Grappling hooks have been used for years, originally in naval warfare. They were used to latch onto enemy ships for boarding. Grappling hooks have since maintained their military usefulness, but have also shown up in several fictional stories, increasing their popularity. Characters from Link (in tThe Legend of Zelda) to Batman have all used grappling hooks in their adventures to save the world. Many people would love to learn to use a grappling hook (sometimes based solely on their use in fictional works), but many probably assume it would be too much of a hassle. Luckily, following a few simple steps can have anyone scaling walls with his own grappling hook in no time.
Select a grappling hook for your specific needs. A collapsible grappling hook is ideal, as it will be easier to carry around. A light hook is also helpful, as you can throw it further. Do not go the cheap route when buying your hook. Make sure the hook is durable and can support at least twice your body weight. It is better to spend the few extra dollars now than to pay for a trip to the emergency room.
Stand close to whatever structure you intend to scale. You should never scale something that will get you in trouble--but if you are, standing closer to the structure will decrease your chances of being seen. Standing close to the structure also means you won't have to spool out or use as much rope.
Pick out the point to which you will be trying to attach the grappling hook. Your point can be a building ledge, statue, fire escape, flag pole, parapet or anything else the hook can firmly lock onto. The point should be a heavy-looking, fixed object the hook can wrap around (such as a statue) or a secure point the hook can "bite" into (such as a building ledge or flag pole). The point you intend on hooking to should look strong enough to hold your weight.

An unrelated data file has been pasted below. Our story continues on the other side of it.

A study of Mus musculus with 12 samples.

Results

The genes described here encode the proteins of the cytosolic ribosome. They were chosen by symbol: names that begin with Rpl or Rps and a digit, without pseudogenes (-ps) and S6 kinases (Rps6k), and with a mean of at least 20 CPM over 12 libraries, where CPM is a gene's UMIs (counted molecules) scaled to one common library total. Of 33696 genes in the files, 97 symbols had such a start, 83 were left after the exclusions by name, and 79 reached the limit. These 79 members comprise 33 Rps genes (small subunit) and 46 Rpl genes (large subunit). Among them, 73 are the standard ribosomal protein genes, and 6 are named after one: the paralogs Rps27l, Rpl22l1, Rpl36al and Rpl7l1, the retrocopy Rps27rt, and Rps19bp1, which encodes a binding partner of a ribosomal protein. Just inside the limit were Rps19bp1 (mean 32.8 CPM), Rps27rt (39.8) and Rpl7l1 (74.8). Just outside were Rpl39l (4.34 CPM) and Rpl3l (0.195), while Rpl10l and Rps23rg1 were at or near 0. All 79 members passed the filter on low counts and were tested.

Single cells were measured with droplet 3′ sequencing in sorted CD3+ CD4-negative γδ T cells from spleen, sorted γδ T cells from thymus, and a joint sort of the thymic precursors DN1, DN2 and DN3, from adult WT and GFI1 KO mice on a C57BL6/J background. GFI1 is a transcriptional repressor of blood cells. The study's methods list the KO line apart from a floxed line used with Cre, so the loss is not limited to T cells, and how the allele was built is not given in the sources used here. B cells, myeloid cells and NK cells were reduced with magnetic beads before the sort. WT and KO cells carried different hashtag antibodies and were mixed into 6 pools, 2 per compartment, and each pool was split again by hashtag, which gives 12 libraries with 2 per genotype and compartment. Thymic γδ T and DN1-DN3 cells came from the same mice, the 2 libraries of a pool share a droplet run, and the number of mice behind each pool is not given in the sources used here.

Estimate the amount of rope, or line, you will need to reach that specific point. If you do not use enough rope, the hook will never make it to its intended target, and will fall back to the ground. After estimating the amount of rope you need, loosely wrap the necessary line into loose coils and hold it slack in the hand you are not using to throw the hook.
Throw the grappling hook. If your target isn't high (i.e., it's on the first or second floor), you can use an underhand throw. Just hold the hook by its metal base near the rope and throw it like a softball, but in an upward trajectory towards your target. If the target is higher, an overhand throw will probably be more useful. Once again grip the hook by the metal base, as close to the rope as possible. This will minimize the danger of the hook catching your hand. If the target is especially high, you may have to swing the hook by the rope. Swing the hook like a lasso. The farther away your target is, the more line you should use to swing the hook. You should also swing the hook faster for higher distances.
Release the hook (or rope if you had to swing) toward your target. Do not firmly grasp the loops of line in your non-throwing hand. Just allow the line to come out of your hand with the force of the grappling hook.
Pull down on the rope to ensure the hook is secure once it reaches its target. Pull on the rope with a steady, firm grip to ensure the hook won't come loose. Put as much of your weight as you can on the rope while pulling on it, to ensure that the hook and whatever it is hooked to will hold your weight as you ascend. Tie part of the rope to your body to assure your safety if you lose your grip. Begin ascending the structure.
Untie the rope from your body and unhook your grappling hook from its target once you reach safety. Coil the rope, then pack up the line and grappling hook.
- Avoid scaling public structures unless you have permission.
- Remember that scaling large structures is hazardous; take every precaution to ensure your safety. Mattresses or a pile of cardboard boxes will reduce or eliminate the risk of injury from falling.
- Practice your aim as much as possible before attempting to scale a structure. You do not want to spend an hour trying to hook onto a target when you actually have to scale a structure.